If you want your teen to have a homeschool high school World Literature credit, what should you cover?
Homeschool High School World Literature Credit- What to Cover
World Literature is a great course to include on the homeschool high school transcript. What makes a good World Literature credit?
The other day, I was chatting with one of the homeschool high schoolers that I advised for her upper class years. She shared with me that her World Literature homeschool group class was her favorite English class in high school. She was in the same class as my youngest son. He loved the course also, so I’ll share what they did for World Literature.
A great homeschool high school World Literature credit will cover books from around the world, either written in other countries and translated into English or by English authors who know the culture well. (Our 7Sisters Homeschool World Literature includes a few from several different time periods.)
The homeschool grad I was chatting with (and my son) read and completed study guides for the 9 books in World Literature: A Full-Year High School Course.
- The Epic of Gilgamesh (ancient text – author unknown)
- Antigone by Sophocles
- Plato’s Republic
- The Three Musketeers by Alexandre Dumas
- Les Miserables by Victor Hugo
- Uncle Vanya by Anton Chekhov
- The Picture of Dorian Gray by Oscar Wilde
- The Good Earth by Pearl S. Buck
- Cry, the Beloved Country by Alan Paton
They added to their reading lists with books of their own choice. Each year in homeschool high school, our local homeschool high schoolers read between 15-50 books (according to the grade and course level of each student). This includes at least 3 classics and can count 10 books of the Bible (yep, we count each one as a book), a few audiobooks, other books of interest.
-Writing papers of many sorts
Each year in high school, our kids write (according to grade and course level) 2-8 five-paragraph essays, 4-8 short papers (including genres such as short stories, poetry, or other creative project), plus a 5-10 page paper (some of these must be research papers in MLA and APA formats). For a World Literature credit, some of these papers will be on World Literature topics (you will notice that in World Literature: A Full-Year High School Course, there are some suggested essays for each book).
For other papers, we used the Writing Guides in Introductory, Intermediate, and Advanced Guides to High School Writing.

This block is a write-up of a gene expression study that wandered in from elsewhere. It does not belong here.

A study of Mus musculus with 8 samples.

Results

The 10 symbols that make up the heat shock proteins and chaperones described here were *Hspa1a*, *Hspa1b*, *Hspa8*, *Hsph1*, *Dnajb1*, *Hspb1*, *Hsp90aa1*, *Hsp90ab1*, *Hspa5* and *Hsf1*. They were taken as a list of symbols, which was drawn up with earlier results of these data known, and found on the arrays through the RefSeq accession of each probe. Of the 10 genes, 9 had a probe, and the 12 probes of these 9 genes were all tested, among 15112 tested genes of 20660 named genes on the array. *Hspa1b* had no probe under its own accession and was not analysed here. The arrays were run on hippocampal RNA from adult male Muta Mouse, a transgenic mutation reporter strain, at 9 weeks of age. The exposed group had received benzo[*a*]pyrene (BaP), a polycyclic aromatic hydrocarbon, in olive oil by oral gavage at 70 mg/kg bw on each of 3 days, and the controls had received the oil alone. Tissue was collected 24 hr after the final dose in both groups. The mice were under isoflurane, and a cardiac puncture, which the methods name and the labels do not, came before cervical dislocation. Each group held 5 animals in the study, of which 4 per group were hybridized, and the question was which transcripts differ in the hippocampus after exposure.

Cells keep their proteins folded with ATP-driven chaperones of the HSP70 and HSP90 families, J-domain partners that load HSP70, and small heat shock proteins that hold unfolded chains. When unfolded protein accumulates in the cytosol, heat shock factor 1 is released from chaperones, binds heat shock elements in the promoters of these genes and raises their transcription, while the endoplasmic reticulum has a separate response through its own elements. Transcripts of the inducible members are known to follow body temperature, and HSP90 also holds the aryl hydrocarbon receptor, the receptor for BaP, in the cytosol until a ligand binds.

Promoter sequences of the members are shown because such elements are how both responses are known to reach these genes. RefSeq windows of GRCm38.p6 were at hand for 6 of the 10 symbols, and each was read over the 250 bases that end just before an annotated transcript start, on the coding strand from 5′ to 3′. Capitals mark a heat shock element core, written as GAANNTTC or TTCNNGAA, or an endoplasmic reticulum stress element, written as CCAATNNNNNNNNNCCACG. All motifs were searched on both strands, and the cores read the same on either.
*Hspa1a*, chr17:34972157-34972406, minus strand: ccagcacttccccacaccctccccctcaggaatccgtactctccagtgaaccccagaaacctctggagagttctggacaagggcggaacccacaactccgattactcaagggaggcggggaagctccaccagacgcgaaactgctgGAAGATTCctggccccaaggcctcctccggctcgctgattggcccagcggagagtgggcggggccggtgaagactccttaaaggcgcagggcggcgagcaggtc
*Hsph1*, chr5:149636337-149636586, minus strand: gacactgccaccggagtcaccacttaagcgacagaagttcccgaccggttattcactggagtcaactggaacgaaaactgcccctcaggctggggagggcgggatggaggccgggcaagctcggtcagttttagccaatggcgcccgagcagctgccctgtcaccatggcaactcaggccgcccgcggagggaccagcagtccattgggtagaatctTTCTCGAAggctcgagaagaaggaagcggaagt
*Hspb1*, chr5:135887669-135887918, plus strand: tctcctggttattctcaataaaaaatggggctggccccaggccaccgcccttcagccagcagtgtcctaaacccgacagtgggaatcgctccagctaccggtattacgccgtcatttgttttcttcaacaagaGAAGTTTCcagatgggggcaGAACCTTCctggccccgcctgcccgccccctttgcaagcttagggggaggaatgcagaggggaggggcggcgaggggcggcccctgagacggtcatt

The local homeschool grads used the vocabulary included in the World Literature: A Full-Year High School Course as the anchor of their vocabulary work. My homeschool high schoolers were pushing for high SAT scores, so I supplemented with some extra work with SAT word lists and Freerice.com.
-Grammar and Language Mechanics
College bound homeschool high schoolers already have good grammar but they need to work hard on editing skills for college entrance exams and future college papers. Our local teens used the rubrics in their writing guides to enhance their editing skills.
In our local homeschool high school English group class, the teacher used World Literature: A Full-Year High School Course. She chose questions from the text for the teens to discuss in groups and present answers to the class. (All my kids were also in a homeschool Rhetoric League that enhanced their public speaking skills. Sometimes they would memorize a speech by a world leader for one of their presentations.)
World Literature offers teens a chance to think about things from a different perspective, getting a glimpse of people in other cultures and the ways that they understand themselves and relate to others. What an important experience for young adults! Include a World Literature credit that challenges your student to grow as a person while also succeeding academically.
Here’s an excerpt from World Literature: A Full-Year High School Course.
Here’s an excerpt from the study guide for The Epic of Gilgamesh.
Here’s an excerpt from the study guide for The Picture of Dorian Gray.
Here’s an excerpt from the study guide for The Republic of Plato.
Here’s an excerpt from the study guide for The Good Earth.
Here’s an excerpt from the study guide for Cry, the Beloved Country.